Wednesday, October 30, 2013

Moving Someone into an ALF or Nursing Home...It's Just Not That Simple

A childhood friend of mine is moving her mother into the Assisted Living Facility (ALF) where my Mam-ma Polly lived.  She messaged me to ask how I labeled Mam-ma's clothes.  I responded:

"Use a Sharpie® marker for most things... even socks (I labeled the toes). They make one that is for laundry, but I've found that all Sharpies® are pretty laundry-proof. For darks, I got a white paint pen in the craft section at Wal-Mart that worked on fabrics. I tried to put her name on labels wherever possible... but on undies, etc., I usually did the waistband.

Remember to label all of her toiletries, too... shampoos, cosmetics, etc. It will save you trouble down the line when she says, "Someone stole so-and-so!" I even labeled Mam-ma's towels & linens... don't think I did her bed sheets, but I should have... we ended up with a whole bunch in the closet that were not ours. Label her laundry hamper... EVERYTHING!  I know this is mind-boggling."


Another family friend recently moved his brother's widow into a nursing home.  He lives in North Carolina... several states away from Arkansas.  Still, he must make all sorts of decisions, including what to do with his brother's home and all of the personal belongings.  Last summer, I assisted friends who were trying to decide how to dispose of their parents' belongings.  The family members had all gotten what they wanted, and the house needed to be sold... but what would they do with all of the furnishings and bric-a-brac?  In the end, I advised them to have an auction.  Making money was not the concern, and I pointed out that it would all be over with in a day... and everything would be hauled away.  No carrying leftovers from an estate sale to a thrift working hard for days/weeks to price every item and set up the sale.  Pay the auctioneer a percentage of the sales and let him/her do the work!  From all I saw and heard, this couple was pleasantly surprised with the end results.

A childhood friend of my brother's passed away last week, and we attended her funeral.  While visiting with a sister-in-law, she shared that she had lost her mother two months ago, and now she is trying to determine what to do with her 89-year-old father.  He has macular degeneration and cannot live alone.  As we talked, I realized that this woman is a member of the Sandwich Generation, also.  She has two nearly-grown children, but one just graduated from college, and the other is a university sophomore.  So while she figures out what to do with her dad, balances the daily challenges of a job and a marriage, she also must be a mom to her two children.  Sandwiches do indeed come in all sizes and shapes!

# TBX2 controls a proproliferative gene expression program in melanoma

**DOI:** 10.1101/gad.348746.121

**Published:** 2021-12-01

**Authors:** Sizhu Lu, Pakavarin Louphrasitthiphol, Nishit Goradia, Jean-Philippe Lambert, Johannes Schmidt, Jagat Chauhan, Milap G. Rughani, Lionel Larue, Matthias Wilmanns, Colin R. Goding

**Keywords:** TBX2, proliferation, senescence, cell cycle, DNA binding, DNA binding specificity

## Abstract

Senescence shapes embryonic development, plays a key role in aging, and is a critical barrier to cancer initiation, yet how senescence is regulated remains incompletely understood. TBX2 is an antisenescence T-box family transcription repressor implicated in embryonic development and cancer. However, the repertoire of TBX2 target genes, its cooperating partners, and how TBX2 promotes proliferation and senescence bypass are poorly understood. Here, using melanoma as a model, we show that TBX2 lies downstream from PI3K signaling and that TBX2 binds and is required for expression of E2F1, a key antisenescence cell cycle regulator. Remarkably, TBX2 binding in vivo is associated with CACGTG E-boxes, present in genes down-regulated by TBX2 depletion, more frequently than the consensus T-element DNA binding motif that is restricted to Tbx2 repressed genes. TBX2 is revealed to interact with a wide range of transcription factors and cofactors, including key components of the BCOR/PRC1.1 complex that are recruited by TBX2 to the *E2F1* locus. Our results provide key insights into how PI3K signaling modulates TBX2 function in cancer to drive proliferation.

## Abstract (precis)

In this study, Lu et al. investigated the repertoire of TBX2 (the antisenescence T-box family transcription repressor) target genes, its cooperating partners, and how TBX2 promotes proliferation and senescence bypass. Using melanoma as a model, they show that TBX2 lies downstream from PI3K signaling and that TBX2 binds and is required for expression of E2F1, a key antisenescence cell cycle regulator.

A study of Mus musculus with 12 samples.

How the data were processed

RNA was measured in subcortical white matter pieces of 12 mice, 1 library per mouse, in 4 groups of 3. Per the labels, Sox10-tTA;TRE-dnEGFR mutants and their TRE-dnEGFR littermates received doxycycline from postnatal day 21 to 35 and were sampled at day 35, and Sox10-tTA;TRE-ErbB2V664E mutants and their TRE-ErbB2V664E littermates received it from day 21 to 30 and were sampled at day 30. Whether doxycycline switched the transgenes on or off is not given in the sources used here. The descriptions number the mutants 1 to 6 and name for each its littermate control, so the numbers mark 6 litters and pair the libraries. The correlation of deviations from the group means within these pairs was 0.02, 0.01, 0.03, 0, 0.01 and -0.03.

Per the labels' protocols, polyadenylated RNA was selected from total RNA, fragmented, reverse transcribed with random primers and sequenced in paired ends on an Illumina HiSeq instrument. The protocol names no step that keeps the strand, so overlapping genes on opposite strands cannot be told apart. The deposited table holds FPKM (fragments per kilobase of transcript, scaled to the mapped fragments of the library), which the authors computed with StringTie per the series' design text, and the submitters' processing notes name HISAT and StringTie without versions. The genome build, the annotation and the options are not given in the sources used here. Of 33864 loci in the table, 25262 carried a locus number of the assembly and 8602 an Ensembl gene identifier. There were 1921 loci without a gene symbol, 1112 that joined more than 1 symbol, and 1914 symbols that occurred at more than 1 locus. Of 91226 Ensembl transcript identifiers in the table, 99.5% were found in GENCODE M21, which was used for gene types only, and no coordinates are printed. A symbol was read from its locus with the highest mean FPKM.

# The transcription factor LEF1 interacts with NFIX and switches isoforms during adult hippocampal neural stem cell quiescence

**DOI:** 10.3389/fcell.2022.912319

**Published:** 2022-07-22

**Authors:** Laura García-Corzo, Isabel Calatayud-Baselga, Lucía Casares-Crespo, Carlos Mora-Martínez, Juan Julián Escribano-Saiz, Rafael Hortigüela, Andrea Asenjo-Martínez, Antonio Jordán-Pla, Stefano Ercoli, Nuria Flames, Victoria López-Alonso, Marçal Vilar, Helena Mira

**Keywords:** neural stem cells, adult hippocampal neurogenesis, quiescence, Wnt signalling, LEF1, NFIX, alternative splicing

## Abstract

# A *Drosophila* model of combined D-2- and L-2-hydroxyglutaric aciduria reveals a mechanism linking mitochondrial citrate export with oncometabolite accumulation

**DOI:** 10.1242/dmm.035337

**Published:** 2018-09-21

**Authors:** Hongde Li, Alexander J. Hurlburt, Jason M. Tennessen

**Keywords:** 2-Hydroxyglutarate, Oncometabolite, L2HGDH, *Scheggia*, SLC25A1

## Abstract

At the end of the day, none of this is easy.  One of my HOSPICE nurse friends asked me if I had noticed a big gap of extra time now that Mam-ma is gone.  My reply?  "Not really."  She nodded... "That's how it goes... things just seem to fill in."  And she's right!  Between my little ones, now ages 4, 2 and 1, and my 87-year-old mother-in-law, my own marriage, responsibilities and more, the time seems to fly!  All of this underscores the point that we do what we have to do when faced with the challenges of caring for our loved ones... regardless of their age.

So my friend will get everything labeled, and the other will figure out how to manage his sister-in-law and her estate long distance.  The classmate's wife will figure out what is best for her dad - and something will come along to make my life even busier again!  None of it is "simple" - but it's what we do!  And I guess that's what makes life interesting... and every  "sandwich" unique!